How to Organize a Homeschool Portfolio

Whether or not your state requires homeschool assessment it is a good idea to keep a record of your child’s schoolwork each year. One way to do this is by keeping a portfolio. Homeschool portfolios can be as in depth or simple as you want to make them.

Step 1: Select a Binder

Choose a binder large enough to hold your child’s work. For many, this will need to be at least 1 ½”. If you are not going to be including Math or Grammar samples due to having them somewhere else (like a workbook), you can get by with a little smaller.

Homeschool tip: Another option to consider if you use the workbook style Math and Grammar sheets is to remove the tests and quizzes. These can then be placed into your portfolio and the workbooks can be tossed at the end of the school year.

Step 2: Select Dividers and Choose How to Organize

Purchase tabbed dividers and filler paper to organize your child’s homeschool portfolio. You will want enough of these for each subject your child is studying. If your child is younger you may divide their portfolio up by quarters or even seasons (fall, winter, spring).

Homeschool tip: Include a section for miscellaneous work. This can be a section where you document field trips, art projects, learning camps, and other activities that may not fit into a certain “subject” area.

It is a good idea to keep a record of your homeschool child’s schoolwork each year. One way to do this is by organizing a homeschool portfolio.

Step 3: What to Include?

Include important documents like your homeschool approval letter (if you have one), a list of curriculum used, and a sample school calendar. This should all go right in the front of the portfolio.

You will also want to include samples of your child’s work from throughout the school year. Many parents only put in their child’s best work, but that is not always a good idea. You want to see a progression throughout the year, so it is okay to put in work that is “so/so”.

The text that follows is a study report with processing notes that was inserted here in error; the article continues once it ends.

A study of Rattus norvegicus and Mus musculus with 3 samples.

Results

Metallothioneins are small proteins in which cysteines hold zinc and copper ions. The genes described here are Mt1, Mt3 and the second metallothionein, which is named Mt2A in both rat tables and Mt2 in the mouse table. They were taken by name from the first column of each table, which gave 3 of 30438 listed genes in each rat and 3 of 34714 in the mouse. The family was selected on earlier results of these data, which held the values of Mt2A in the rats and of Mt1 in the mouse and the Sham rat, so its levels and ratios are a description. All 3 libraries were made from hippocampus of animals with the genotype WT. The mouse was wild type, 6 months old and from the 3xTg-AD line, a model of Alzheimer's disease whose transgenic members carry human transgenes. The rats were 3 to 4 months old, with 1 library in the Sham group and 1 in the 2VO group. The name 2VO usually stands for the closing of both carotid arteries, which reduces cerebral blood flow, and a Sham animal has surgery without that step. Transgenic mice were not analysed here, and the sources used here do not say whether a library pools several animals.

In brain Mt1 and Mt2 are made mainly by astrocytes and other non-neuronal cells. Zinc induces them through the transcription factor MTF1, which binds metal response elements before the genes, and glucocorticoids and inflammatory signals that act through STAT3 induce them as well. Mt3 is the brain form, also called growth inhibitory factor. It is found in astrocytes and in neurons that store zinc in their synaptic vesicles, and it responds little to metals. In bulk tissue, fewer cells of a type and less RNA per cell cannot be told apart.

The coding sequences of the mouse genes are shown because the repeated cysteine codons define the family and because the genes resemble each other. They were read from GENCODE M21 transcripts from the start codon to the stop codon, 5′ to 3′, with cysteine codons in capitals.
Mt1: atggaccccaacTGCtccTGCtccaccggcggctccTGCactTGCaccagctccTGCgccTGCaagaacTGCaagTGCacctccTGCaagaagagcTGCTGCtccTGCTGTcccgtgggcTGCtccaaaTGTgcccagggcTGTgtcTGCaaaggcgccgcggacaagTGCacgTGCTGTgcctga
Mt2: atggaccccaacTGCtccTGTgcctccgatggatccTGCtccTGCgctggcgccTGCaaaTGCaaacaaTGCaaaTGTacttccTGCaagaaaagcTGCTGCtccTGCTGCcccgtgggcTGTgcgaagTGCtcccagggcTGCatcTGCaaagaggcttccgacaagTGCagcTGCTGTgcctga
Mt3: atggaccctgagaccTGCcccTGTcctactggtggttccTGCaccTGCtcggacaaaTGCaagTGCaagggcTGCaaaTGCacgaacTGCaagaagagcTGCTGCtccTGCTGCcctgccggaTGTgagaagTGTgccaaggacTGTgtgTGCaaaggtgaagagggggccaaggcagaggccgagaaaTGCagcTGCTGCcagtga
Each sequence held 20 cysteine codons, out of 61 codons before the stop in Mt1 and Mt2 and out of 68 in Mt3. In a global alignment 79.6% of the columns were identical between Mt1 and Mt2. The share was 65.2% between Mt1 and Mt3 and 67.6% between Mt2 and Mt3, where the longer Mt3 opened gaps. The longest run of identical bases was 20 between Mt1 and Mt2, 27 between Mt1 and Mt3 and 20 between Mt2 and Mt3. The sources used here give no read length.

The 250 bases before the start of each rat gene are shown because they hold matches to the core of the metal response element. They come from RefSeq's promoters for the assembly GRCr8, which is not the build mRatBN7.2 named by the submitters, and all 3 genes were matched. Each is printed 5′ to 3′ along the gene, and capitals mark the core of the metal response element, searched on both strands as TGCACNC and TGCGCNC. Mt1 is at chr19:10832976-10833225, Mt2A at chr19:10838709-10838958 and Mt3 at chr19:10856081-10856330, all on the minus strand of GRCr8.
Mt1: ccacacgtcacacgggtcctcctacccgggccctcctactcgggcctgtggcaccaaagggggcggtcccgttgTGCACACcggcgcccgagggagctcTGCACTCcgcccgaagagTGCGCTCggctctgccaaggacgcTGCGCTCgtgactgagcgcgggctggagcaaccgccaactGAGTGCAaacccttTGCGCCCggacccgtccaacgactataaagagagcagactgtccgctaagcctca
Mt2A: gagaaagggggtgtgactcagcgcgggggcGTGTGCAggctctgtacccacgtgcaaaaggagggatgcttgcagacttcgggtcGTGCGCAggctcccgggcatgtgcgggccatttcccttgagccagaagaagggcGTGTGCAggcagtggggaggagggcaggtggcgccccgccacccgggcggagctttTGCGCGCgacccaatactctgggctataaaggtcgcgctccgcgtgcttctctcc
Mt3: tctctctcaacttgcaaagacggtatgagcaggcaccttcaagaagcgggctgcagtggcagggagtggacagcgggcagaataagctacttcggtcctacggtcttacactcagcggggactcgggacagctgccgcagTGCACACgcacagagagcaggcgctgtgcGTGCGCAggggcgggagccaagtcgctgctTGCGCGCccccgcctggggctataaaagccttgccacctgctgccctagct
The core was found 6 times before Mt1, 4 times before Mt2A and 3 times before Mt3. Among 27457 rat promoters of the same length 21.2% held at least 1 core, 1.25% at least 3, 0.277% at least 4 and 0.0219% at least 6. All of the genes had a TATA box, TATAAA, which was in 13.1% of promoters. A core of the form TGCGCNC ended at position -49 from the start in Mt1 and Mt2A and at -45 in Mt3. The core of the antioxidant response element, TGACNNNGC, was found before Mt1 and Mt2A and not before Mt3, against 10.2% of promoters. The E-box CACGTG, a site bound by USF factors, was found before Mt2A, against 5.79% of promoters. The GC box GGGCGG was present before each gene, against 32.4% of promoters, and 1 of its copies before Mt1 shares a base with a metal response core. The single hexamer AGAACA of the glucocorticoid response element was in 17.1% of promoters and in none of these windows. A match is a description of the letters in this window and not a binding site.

Good ideas to include in the portfolio are:

  • Math drill sheets
  • Grammar tests
  • Book reports
  • Science experiment papers
  • Artwork
  • History notes
  • Field trip pamphlets (I always grab a pamphlet from every place we go and put it in the kid’s portfolios. Field trips are learning experiences too.)
  • Printouts from co-op classes
  • Other items you deem important

When it comes to organizing a homeschool portfolio, don’t stress! Homeschool portfolios do not have to be difficult or overwhelming. Make them fun! Let your kids pick what they want to keep. You may be surprised what they deem important enough to hold on too. Also, snap a few pictures throughout the year and at the end place them in the portfolio with their end of the year assessment (if required). I am always surprised how much my children have grown from the first of the year to the end. Homeschool portfolios are supposed to highlight your child’s work, but they can also serve as a “yearbook” of sorts. One day you may be looking through them with your grandkids remembering all the fun that homeschooling was that year.


Misty Bailey is a Christian wife and homeschool mom. She resides with her family in Southern Ohio. She loves helping new homeschoolers and has a Homeschool 101 eBook for those getting started. She shares her struggles with time management, becoming unglued and finding joy in the everyday moments on her blog Joy in the Journey. You can also find her on Facebook and Pinterest.